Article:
How WA hospitality companies are getting creative to attract and retain staff amid war for talent.
WA’s hospitality businesses are thinking outside of the box and finding creative ways to attract staff as they continue to grapple with the ongoing skills squeeze.
In a bid to lure talent, family pub The Parkerville Tavern has introduced an earned wage access scheme that allows workers to be paid straight after shifts, rather than waiting for the business’ fortnightly pay cycle.
Front of house manager Janae Sorgiovanni told The West Australian that the pub had struggled to find staff to fill a range of roles since COVID entered the State.
“We do find a number of our workers through people coming in from overseas. Without having that, it has really caused issues all over hospitality. Even to find young staff and trained chefs is difficult,” she said.
The business is using Australian platform Paytime to enable staff to access a portion of their wages at any time during the month, with Ms Sorgiovanni pointing out that it had encouraged workers to cover more shifts.
Ms Sorgiovanni said the initiative — which The Parkerville kicked off in September — came at an ideal time given the soaring cost of living, and would give the business a competitive edge against other hospitality venues.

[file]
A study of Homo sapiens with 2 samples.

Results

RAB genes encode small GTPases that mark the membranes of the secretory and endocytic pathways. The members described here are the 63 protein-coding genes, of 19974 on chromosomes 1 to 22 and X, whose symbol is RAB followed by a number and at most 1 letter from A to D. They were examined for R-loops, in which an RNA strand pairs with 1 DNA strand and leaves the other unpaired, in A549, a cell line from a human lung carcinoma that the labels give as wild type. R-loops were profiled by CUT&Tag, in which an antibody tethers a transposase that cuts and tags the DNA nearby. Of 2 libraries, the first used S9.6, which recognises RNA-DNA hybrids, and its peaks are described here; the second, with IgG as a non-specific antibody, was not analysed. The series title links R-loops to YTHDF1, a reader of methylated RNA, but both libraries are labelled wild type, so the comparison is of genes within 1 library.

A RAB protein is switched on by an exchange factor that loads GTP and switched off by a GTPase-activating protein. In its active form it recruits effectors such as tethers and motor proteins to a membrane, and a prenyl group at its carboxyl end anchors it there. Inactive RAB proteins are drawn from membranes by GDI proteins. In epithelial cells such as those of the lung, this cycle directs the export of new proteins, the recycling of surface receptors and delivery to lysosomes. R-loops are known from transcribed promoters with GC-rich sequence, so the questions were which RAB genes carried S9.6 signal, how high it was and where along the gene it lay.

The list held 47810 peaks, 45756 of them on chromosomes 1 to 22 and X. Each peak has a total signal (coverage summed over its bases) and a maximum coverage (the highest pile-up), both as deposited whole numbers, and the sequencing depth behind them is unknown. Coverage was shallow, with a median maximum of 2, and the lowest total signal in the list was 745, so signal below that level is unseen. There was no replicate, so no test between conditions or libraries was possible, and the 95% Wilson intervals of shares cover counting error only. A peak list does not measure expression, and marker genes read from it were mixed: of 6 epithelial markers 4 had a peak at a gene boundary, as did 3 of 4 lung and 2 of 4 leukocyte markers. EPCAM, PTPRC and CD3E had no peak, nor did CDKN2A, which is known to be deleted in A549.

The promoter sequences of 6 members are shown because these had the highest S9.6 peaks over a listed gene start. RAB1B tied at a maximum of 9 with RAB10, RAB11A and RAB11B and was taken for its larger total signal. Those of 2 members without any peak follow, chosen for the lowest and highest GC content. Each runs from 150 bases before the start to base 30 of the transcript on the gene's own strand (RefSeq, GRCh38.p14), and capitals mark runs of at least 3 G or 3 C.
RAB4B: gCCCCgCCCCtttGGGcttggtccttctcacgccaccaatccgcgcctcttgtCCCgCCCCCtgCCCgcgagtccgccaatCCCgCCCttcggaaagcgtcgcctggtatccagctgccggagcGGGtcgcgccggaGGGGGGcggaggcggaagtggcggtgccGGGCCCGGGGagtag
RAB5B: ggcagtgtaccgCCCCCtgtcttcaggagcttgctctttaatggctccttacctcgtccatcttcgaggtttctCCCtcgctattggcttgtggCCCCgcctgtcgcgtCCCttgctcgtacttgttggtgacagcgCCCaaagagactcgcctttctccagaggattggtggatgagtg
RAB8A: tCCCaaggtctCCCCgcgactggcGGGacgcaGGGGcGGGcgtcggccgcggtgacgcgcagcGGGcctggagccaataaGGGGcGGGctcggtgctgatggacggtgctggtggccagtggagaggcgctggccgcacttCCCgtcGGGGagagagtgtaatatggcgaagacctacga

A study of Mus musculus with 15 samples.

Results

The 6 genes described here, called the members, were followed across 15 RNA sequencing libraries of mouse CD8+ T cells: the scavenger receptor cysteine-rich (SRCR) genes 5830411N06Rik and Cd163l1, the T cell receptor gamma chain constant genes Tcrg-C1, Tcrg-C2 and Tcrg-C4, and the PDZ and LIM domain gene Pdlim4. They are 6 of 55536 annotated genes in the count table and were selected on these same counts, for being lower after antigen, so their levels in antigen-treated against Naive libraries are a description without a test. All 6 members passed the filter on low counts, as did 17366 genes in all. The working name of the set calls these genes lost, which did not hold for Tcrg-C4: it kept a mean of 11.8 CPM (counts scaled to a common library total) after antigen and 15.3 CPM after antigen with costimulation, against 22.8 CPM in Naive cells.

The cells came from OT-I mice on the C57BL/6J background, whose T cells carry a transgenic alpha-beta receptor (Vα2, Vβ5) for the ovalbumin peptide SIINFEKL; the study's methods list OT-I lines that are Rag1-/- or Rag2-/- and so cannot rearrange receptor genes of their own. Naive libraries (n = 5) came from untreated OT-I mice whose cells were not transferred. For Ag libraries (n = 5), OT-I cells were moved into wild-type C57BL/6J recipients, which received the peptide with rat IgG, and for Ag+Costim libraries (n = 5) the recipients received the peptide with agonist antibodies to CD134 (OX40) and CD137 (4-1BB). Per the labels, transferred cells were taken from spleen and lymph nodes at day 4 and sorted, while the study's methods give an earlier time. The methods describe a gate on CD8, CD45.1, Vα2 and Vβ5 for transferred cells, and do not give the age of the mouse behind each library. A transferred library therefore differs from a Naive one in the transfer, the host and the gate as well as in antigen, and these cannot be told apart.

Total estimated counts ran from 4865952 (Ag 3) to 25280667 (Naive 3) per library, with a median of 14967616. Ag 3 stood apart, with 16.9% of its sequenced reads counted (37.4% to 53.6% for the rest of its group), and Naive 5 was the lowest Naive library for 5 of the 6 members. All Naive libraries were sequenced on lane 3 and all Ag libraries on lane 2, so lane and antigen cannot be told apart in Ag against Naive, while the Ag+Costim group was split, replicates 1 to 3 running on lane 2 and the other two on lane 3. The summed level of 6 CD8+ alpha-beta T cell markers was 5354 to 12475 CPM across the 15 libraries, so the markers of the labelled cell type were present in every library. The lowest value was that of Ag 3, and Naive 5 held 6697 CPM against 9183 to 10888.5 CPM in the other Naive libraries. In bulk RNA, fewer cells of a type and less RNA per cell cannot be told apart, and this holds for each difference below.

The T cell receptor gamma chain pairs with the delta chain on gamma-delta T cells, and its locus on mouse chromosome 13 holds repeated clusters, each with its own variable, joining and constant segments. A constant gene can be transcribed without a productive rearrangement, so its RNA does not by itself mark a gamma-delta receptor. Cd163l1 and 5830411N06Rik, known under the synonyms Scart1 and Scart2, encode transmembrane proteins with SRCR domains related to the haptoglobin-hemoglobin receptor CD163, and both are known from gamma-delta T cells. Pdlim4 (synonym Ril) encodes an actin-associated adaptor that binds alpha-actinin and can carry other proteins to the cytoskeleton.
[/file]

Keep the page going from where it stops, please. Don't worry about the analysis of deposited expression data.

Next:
“Food bills are going up and expenses are a little bit harder to pay for. If your car breaks down, you might not have the savings you normally would,” she said.
“With this, people could get access to a couple of hundred dollars to pay for a tyre.”
Companies including McDonalds, Pizza Hut and Hard Rock Cafe are already offering earned wage access in the US.
Paytime chief executive Steven Furman said earned wage access could be extended to other industries where shift-based work was common, such as retail and mining.
Mr Furman said the Sydney-based company — founded in 2018 — had seen its clients’ levels of worker absenteeism drop significantly.
“We’re also seeing clock-in and clock-out workers putting in 20-25 per cent more hours,” he said.
He said it was mostly workers with young families choosing to access a portion of their pay early.
Research by Paytime found that 81 per cent of Australians would like to access their earned pay before payday.
Ms Sorgiovanni noted that the coronavirus pandemic had led to negative perceptions surrounding working in the hospitality industry, which deterred job seekers from applying for roles in the sector.
“I guess with the unknown of COVID, people don’t want the forward facing roles because they don’t want the contact with the public. There’s still a fear of being exposed unnecessarily,” she said.
The venue has consistently had two or more Seek advertisements running to recruit talent, Ms Sorgiovanni said.
There was a 41 per cent increase in the number of hospitality jobs advertised on the employment marketplace from August to September, according to Seek data.